Mind Over Matter

For two decades, psychoanalysts have held fast to their slow, deep exploration of the psyche, reaping only scorn from the science-driven psychiatrists at Washington University. Good thing they didn't listen.

If Dr. K. Lynne Moritz were a haughtier sort, we could call her the queen in exile. Director of the St. Louis Psychoanalytic Institute for the past four years, she was one of its first graduates, back in the heady days before one had to apologize for Freud. Leaving pediatric medicine behind, she chose to concentrate on her patients’ psyches, which she defined, in secular terms, as their souls — their essence, their identity, their consciousness and all it hid. Clues swirled in an ether of memories, dreams, imaginings and unconscious associations, and it was Moritz’s job to hold the flashlight steady until her patients could see their way clear.

She found psychoanalysis deeply satisfying, but year after year she watched it grow more suspect as a wall rose, high and spiked, to divide the Institute’s methods from the increasingly powerful, science-driven form of psychiatry practiced at the Washington University School of Medicine. Loyal to the analytic approach, Moritz stayed on at the Institute, a quiet, mushroom-beige International-style building on Forest Park Parkway, a block east of the bustling medical school. A block east, and a world apart. “The people who fail with a biochemical approach eventually come here,” she remarks, “and the people we fail find their way there. Unfortunately, there has been a kind of tradition at Wash. U. to make that polarized.”

She thinks, sometimes, about places such as Columbia-Presbyterian Medical Center in New York, where the psychoanalytic-training center is housed within Columbia's department of psychiatry and faculty have joint specialties in, say, psychoanalysis and neuroendocrinology, or epidemiology, or genetics. Wash. U.'s psychiatrists still bash Freud for sport at their grand-rounds lectures; they refer coolly, when necessary, to "those people at the Institute," but they rely on their own research-based, diagnosis-driven medical model.

Lynne Moritz found psychoanalysis deeply satisfying, but year after year she watched it grow more suspect.
Lynne Moritz found psychoanalysis deeply satisfying, but year after year she watched it grow more suspect.

To remain accredited, though, Wash. U. must at least acknowledge the most intense of the talk therapies. Moritz has supervised residents there, and Dr. Eric Nuetzel, the affable, bearlike, rosy-cheeked psychoanalyst who's replacing her as the Institute's director, has faculty standing at Wash. U. Their presence can be awkward: Nuetzel studied theater before attending med school (Moritz majored in English literature, aspiring to be a Shakespeare scholar) and both mine clinical insights from Chekhov, King Lear and the latest entries in the Sundance Film Festival. Wash. U. is not particularly hospitable to such fuzziness; at times, Nuetzel's lectures are nearly inaudible over the residents' cries of "Where's the proof?"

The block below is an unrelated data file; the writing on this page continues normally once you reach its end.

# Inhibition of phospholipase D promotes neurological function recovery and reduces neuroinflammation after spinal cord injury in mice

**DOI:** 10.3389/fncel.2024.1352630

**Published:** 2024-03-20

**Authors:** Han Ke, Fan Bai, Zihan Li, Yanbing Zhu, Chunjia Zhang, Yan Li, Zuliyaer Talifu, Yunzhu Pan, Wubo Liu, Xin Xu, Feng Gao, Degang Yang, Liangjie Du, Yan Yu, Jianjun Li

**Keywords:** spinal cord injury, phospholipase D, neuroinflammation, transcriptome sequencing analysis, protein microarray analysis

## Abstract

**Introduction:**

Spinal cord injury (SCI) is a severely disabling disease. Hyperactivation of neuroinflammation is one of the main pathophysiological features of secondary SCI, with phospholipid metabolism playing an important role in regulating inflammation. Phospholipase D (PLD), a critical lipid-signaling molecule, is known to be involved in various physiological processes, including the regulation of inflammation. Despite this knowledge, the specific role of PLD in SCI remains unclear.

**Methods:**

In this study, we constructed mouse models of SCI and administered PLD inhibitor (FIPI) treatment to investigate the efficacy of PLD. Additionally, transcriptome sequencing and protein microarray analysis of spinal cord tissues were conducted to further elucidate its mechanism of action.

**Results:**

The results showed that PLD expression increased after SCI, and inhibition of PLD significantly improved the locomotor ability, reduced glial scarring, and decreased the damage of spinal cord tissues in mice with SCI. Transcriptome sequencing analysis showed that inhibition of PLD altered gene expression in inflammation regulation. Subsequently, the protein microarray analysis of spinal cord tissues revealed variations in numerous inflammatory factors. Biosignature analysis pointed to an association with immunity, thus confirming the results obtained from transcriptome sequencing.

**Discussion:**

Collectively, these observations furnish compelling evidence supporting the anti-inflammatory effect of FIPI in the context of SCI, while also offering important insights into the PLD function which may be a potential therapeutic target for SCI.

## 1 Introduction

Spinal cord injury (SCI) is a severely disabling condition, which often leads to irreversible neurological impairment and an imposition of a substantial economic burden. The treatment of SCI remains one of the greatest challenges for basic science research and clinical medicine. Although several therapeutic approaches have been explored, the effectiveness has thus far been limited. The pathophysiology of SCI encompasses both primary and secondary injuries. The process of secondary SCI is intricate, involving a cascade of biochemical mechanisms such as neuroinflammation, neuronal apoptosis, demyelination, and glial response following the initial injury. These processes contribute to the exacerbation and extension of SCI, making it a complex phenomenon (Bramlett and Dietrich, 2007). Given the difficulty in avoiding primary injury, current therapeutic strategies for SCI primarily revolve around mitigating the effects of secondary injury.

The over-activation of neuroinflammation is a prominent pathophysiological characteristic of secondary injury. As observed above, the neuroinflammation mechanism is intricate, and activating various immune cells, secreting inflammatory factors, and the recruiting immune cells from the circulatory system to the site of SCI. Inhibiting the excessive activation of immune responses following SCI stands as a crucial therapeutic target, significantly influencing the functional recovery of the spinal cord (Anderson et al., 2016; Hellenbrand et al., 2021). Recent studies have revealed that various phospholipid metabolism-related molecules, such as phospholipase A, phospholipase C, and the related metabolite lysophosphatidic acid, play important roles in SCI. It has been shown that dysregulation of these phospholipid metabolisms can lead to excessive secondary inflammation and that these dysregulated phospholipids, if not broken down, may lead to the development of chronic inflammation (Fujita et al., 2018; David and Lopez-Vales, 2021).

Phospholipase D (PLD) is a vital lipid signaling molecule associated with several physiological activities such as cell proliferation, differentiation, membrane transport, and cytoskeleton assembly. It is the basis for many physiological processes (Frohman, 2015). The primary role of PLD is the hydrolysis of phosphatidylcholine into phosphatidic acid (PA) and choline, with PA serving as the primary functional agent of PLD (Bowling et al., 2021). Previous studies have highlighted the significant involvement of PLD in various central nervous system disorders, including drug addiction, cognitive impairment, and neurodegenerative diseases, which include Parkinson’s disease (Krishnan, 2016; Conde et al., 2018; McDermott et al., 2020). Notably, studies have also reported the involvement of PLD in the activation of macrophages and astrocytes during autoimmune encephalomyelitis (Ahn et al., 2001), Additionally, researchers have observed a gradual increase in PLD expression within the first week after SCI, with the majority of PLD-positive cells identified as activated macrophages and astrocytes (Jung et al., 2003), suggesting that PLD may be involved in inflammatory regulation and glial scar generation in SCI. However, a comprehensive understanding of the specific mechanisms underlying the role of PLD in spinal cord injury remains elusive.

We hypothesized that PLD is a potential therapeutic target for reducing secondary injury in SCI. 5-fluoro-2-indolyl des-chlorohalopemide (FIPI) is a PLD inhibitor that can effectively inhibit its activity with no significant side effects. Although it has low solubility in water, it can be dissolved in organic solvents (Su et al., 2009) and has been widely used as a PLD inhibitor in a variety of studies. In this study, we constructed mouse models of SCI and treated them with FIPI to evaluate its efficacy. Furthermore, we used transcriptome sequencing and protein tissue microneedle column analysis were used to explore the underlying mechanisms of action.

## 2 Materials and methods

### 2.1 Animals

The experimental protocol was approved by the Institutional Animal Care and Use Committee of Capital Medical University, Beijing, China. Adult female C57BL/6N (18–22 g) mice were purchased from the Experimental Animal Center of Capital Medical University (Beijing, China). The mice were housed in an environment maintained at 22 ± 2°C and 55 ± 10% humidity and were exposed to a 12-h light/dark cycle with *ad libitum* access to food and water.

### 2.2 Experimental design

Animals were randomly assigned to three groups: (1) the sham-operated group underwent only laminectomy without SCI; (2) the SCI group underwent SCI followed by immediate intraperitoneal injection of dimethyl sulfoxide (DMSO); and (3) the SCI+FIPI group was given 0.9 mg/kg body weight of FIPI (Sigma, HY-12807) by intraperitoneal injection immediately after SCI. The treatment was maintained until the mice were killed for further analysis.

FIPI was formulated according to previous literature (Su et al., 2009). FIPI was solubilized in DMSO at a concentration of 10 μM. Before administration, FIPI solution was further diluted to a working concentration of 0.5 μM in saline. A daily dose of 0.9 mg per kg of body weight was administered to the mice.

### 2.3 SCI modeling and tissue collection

Passionate about teaching and genuinely interested in Wash. U.'s empirical research, Nuetzel weathers their criticism the way a boulder takes the waves. Moritz feels the skepticism a bit more keenly, but she doesn't buy it; for her, proof lies in her patients' lives. Still, she's convinced that St. Louis would be better served if Wash. U.'s esteemed psychiatrists and the Institute's esteemed psychoanalysts didn't run screaming from each other's company.

Dr. Eugene Rubin, professor of psychiatry and vice chair for education at Wash. U.'s medical school, admits there was some polarization back in the '80s, but says that it's over, and that it was inevitable. St. Louis had become the epicenter of an earthquake that shifted the entire field of psychiatry, knocking it off the psychoanalytic orientation that had dominated for decades. "Wash. U. succeeded in convincing the rest of the world that human behavior can be studied and understood with the same tools we use for the rest of medicine," says Rubin. "That battle has been won. But there's a lot we can still learn from the in-depth understanding --"

He doesn't finish the sentence "of psychoanalysis"; it's as though the very word hurts. "One of the difficulties of that model is that it makes major statements of fact but the statements are untestable," he continues. "Many of the things psychoanalysts have described make sense from a common-sense point of view, but they come to very strong conclusions that are not based on any data." One such conclusion is the "subconscious," imagined as vast catacombs where powerfully influential memories lie buried just out of reach and continue to haunt us. Wash. U. psychiatrists might conduct sleep studies, or study mechanisms of thought and perception, but they're not going to waste hours of therapy time digging for hypothetical, invisible causes of distress.

Moritz has spent four decades digging, and she trusts what she's seen. Besides, she says, the data are finally arriving. Studies indicate that our brains literally rewire themselves with successful talk therapy. High-tech scans show our brains lighting up with unconscious thoughts. Freud's notion of an instinctive id that speaks in our dreams and a rational ego that takes over during the day? The same scans show that, when we dream, the parts of our brains involved with emotion, memory and motivation light up, whereas the centers of logic and abstract thought stay dark as night itself. As for all that Freudian emphasis on our childhood and our parents, researchers now believe that the adult who's caring for a young child actually shapes and regulates, from the outside, the structure and neurochemistry of the child's maturing brain. A mother's touch can literally change her baby's mind.